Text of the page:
Love this video: the Dutch PM reminds everybody not to shake hands with one another… then turns and shakes somebody’s hand. Then realises his mistake and initiates even more bodily contact by way of apology.
The first thing people usually want to know is what getting stabbed feels like. The answer is that it feels like getting punched really hard. Or at least, I assume it’s what getting hit feels like. I’ve never been punched. I have been stabbed six times.
I’ll back up. And I’ll try not to make this too writerly, but I’m fighting my instincts. I wanted to add a quote from an Auden poem about suffering, but I desisted. Please admire my restraint.
You have to understand, this kind of thing doesn’t happen in Wellington. It doesn’t happen in most places, but it especially doesn’t happen in a small city in New Zealand, in a park, at 11:30 a.m.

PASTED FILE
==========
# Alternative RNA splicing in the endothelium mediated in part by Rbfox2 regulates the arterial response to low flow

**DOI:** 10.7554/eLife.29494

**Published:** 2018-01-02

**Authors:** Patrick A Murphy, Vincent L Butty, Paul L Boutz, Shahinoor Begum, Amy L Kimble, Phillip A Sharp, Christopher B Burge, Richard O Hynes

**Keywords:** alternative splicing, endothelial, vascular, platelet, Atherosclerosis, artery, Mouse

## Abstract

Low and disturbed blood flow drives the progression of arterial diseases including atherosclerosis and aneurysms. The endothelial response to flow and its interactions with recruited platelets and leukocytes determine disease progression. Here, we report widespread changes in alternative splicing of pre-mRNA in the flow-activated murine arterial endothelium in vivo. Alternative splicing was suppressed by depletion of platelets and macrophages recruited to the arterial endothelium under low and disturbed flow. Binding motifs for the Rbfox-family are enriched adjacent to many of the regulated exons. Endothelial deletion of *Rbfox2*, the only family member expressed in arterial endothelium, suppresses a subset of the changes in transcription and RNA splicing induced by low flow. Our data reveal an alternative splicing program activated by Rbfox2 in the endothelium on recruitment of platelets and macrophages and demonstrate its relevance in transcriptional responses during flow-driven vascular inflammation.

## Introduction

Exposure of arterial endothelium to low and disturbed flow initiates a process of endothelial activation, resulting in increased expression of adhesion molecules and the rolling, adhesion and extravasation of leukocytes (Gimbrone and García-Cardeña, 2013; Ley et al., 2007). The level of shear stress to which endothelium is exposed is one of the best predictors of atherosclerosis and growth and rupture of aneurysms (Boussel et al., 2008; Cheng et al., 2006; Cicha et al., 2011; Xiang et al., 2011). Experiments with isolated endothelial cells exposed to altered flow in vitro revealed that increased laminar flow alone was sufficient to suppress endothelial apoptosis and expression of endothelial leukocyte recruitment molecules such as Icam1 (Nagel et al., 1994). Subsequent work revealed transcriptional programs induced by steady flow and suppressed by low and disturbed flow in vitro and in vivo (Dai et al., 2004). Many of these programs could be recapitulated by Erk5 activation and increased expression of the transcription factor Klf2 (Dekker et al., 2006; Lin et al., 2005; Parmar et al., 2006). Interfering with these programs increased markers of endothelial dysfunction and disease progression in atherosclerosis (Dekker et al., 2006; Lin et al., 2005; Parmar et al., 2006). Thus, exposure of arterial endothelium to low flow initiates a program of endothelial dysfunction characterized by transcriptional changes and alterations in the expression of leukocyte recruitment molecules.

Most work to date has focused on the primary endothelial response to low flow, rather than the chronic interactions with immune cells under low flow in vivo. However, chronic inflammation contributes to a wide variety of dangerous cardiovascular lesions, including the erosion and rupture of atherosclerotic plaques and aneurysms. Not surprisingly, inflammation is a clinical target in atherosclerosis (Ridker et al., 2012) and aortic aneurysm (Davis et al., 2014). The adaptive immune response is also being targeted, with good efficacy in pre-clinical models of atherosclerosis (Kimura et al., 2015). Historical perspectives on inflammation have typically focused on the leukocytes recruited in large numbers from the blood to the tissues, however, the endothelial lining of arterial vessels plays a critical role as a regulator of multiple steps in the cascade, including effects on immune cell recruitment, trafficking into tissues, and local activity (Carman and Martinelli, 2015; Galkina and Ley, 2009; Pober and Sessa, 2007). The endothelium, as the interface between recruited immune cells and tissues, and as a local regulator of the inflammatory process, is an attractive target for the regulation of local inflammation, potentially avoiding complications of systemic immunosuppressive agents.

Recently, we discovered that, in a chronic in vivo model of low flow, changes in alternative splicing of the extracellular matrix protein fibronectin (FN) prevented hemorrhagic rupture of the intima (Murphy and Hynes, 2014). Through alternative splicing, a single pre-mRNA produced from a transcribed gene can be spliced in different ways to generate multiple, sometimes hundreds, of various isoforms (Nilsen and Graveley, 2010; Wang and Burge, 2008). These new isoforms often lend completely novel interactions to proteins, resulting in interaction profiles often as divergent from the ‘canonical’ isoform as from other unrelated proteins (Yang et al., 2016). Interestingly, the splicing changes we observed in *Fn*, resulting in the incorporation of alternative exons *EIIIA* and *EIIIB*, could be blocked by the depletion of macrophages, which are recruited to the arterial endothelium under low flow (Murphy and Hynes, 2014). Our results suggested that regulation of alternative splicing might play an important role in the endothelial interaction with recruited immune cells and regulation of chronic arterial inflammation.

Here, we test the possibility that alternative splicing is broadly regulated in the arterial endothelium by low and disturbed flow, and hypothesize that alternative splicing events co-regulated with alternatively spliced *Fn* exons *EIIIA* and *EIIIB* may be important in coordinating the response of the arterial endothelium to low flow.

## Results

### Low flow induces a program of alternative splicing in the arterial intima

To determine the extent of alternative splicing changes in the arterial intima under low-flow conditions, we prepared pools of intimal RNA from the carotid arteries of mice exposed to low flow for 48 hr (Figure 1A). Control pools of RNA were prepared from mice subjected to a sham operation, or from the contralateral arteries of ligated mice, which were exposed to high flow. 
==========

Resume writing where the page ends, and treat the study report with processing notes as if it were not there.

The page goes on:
I go back and forth. It wasn’t that bad, I tell myself. It could have been much worse, people have survived much worse. And then I look at my scars, still red and new, and I think: But it was pretty bad, wasn’t it? It is possible I could have died. What if I hadn’t had my phone? If I hadn’t met someone on the path? I could have bled out somewhere between the trees. But of course, it’s useless to think about what-ifs. What if he had stabbed me in the heart? What if I hadn’t gone to the park at all? What if I died in a car crash tomorrow? It’s a pointless exercise.
Author Emma Berquist writes about her experience of the (extremely unusual) incident she was involved in, of being stabbed by a stranger in a park in Wellington. An inspiring personal story.